There is no question that exercise is incredibly healthy, but it also puts stress on the body, creating a build-up of free radicals, which could potentially damage one’s DNA. A small new study, however, suggests that a way to alleviate that stress could be as close as your local farmer’s market.
Looking for an easy way to remember to eat your fruits and vegetables? Buy a clear bowl, stock it with fruits and vegetables and keep it within reach. A study published in the journal Environment and Behavior gave 96 college students apple slices and carrot sticks in either a clear or opaque bowl, and placed them within reach or at a table about six feet away. After about 10 minutes, students were most likely to have eaten the food that was close at hand, especially if it had been placed in a clear bowl.
Source: Privitear, G.J. and Creary, H.E. (2012). Proximity and visibility of fruits and vegetables influence intake in a kitchen setting among college students. Environment and Behavior, DOI: 10.1177/0013916512442892.
Watercress and other leafy greens contain high levels of antioxidants that scientists believe may offer a protective effect against the damage caused by free radicals released during intense exercise. Researchers from Edinburgh Napier University and the University of Ulster recruited 10 healthy men in their early 20s to participate in an eight-week study. The men consumed about 85 grams of watercress (equivalent to a small bowl) prior to exercising intensely on a treadmill. The same subjects served as a control group by performing the same activity for eight weeks without consuming the greens.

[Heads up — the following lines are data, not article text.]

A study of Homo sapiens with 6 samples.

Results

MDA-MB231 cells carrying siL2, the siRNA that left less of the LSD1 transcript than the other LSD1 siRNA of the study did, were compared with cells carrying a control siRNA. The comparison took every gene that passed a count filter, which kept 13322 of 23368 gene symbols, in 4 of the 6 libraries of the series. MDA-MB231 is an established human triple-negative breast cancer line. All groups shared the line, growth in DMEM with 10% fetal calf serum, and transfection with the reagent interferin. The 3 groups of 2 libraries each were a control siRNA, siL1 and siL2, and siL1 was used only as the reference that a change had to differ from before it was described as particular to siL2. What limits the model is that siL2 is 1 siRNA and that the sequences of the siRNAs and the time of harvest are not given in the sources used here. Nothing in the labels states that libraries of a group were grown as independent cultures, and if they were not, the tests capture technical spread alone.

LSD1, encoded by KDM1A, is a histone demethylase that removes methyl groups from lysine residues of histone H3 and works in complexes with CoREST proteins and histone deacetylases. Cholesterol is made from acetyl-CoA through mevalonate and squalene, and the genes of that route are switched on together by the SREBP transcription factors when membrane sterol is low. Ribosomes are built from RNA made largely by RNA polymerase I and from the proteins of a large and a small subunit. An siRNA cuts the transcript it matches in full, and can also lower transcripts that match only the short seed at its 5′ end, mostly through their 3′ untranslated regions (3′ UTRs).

Blood samples were taken prior to eating the greens and immediately before and after the exercise bout. They found that, while exercise caused DNA damage, consuming watercress appeared to attenuate that damage by increasing the availability of antioxidants in the blood. Furthermore, the protective effect seemed to hold, even when the subject ate the watercress for the first time. In other words, eating greens just two hours before exercise offers the same benefit as eating it consistently over a period of weeks.
Lead author Dr. Mark Fogarty, whose study was published in the British Journal of Nutrition, explained that eating a small amount of leafy greens, such as watercress, each day “can help raise the levels of important antioxidant vitamins, which may help protect our bodies and allow us to enjoy the rewards of keeping fit. It’s an interesting step forward in sports nutrition development and research.”
Fogarty also emphasized the importance of proper hydration and exercising at an appropriate intensity, both of which are essential for reaping the benefits of physical activity over the long-term.
Source: Fogarty, M.C. et al (2012). Acute and chronic watercress supplementation attenuates exercise-induced peripheral mononuclear cell DNA damage and lipid peroxidation. British Journal of Nutrition, FirstView Article, 1–9.